Tuesday, April 26, 2011

PSoA Certificate of Excellence - Marina Dieul


Marina Dieul  -  La fille au fil  -  48 X 48 in.

French-born Marina Dieul was encouraged by her parents to pursue art when, at a young age, she showed a love for, and skill at painting and drawing.  After moving to Montreal in 2000, she studied with two students of Ted Seth Jacobs, the painters Tim Stotz and Michelle Tully, of Studio Escalier.  Since then, she has garnered many awards, including Best of Show at the Inspiring Figures exhibit held last year at the Butler Institute of American Art.  In addition to being a member of the Portrait Society of America, Dieul is also a member of the Portrait Society of Canada, and the International Guild of Realism.

Of her Certificate of Excellence winning painting, Marina Dieul says:

"'La fille au fil' is a portrait of my younger daughter, but I used her more like a symbol. For me it's a portrait of the new generation, our children's generation. As a mother, I have many questions about the world we will give to our children as a legacy, and a lot of questions about what we should or shouldn't teach them. I used my painting process to represent the child in the process of being created, from the unfinished monochromatic underpainting at the bottom , to the colorful realism of the face and hand using trompe-l'œil to push her out of the canvas. All the meanings I put in this painting are questions;  I have no answers. And if someone sees some completely different meanings, I'm comfortable with this too, as we all have different life experiences...

On a purely technical point of view, my whole painting process can be seen in this work. I first toned my canvas, and began painting the body with a monochromatic underpainting. Then I painted using a wet-into-wet technique, rounding forms in one layer of paint. The close value range between the neutral skin tones and the intense chroma of the blue light was quite challenging, but very enjoyable. For the concrete frame, I played with very thick textures. I rendered the strings in a careful trompe-l'oeil way, and at last I added the strings' shadows, keeping them transparent enough so the pattern of the underpainting can be seen through them."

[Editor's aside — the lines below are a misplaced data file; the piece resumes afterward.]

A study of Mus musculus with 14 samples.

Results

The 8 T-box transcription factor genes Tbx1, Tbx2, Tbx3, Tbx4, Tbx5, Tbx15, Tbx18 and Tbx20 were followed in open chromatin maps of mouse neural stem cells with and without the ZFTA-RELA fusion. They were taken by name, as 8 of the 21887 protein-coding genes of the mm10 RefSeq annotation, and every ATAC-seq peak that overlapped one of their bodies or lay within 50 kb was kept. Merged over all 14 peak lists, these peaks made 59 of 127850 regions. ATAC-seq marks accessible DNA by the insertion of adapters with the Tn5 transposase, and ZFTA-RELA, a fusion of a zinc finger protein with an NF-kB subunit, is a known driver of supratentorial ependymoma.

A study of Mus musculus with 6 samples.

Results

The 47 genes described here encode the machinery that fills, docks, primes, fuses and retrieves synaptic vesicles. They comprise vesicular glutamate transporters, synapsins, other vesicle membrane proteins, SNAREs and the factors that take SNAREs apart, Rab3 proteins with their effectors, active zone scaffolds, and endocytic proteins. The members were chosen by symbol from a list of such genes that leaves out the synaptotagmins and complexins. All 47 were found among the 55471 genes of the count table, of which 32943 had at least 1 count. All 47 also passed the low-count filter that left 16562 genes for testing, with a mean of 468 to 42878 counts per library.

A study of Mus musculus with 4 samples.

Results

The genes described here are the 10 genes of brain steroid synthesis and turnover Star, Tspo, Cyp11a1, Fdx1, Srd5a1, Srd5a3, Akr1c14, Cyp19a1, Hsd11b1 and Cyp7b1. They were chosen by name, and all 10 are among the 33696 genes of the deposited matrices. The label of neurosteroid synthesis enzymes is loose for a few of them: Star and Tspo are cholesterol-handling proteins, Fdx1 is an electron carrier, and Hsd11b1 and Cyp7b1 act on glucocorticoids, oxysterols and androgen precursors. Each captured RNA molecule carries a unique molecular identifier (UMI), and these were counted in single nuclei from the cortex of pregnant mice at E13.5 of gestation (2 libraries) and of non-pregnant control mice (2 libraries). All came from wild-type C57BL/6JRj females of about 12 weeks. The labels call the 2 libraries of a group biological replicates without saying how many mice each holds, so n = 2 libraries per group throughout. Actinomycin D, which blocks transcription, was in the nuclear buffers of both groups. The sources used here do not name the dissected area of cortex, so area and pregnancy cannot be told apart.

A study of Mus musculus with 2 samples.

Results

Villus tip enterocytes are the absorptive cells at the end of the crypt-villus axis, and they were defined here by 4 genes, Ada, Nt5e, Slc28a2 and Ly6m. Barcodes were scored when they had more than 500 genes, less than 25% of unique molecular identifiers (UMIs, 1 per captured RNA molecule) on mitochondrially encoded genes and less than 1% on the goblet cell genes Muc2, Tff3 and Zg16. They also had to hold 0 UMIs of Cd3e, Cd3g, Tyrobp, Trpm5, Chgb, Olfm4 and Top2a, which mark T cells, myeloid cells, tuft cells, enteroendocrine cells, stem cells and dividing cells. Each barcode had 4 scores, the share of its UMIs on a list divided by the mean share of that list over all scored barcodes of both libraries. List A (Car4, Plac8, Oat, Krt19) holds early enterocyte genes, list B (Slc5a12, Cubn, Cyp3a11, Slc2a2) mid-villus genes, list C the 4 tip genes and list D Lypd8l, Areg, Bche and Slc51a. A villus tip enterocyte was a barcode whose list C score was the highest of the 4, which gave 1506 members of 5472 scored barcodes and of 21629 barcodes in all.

Marina Dieul is represented by The Weatherburn Gallery in Naples, Florida, and The Legacy Gallery in Scottsdale, Arizona.  To see more of Dieul's artwork, please visit her website.



Kevin Mizner said...

I've been a fan of Marina's for awhile now. I love her technical skill, and whimsy in her paintings. Some folks portray the ordinary and call it art. Marina portrays the beauty in the ordinary and makes art.

Brandy Agun said...

Her painting is breathtaking. I would love to see her interviewed in an APVM issue!

Mark said...

There are many wonderful portraits in this competition and many sub par ones. I am very disappointed for the most part in the judges selections. It seems like the old guard always wins a few awards and then they give out awards to some whose work is nothing great just to get them to come to the conference.
In order to get these certain people to come year after year, are they going to keep awarding them. It takes more than a fun personality or a cigar smoker to make it as a great painter.
I would urge all artists to boycott this competition in the future as there selections are totally biased.

innisart said...

@Mark I'm curious why you chose to make this statement in the comment section on Marina's painting...

All competitions in which judges are involved are biased. It's the nature of the beast. Just think of the Olympics, and all of those scores the athletes receive from their home country and neighboring countries, as opposed to the scores given to a non-friend country. Unless all entrants are painting the same model under the same conditions, it's very difficult to react objectively to the work.

One of the judges did say to me that the digital images they receive can be misleading, either making a good painting look bad, or vice versa, and that there are often surprises when they get to see accepted and rejected work in person.

Besides, how many of this year's finalists had been finalists before? Ploeg, Lipking, Watwood, Burdick... I think that is it, and I might even be wrong about some of those. Kann has received recognition before, but I'm not sure she was a finalist before. So I'd say 75% of the finalists weren't part of the "old guard."

Alan Lawrence said...

This work is really beautiful, realistic, but painterly too. One of the best paintings I've ever seen in this style. Will go to her website for more of her magic.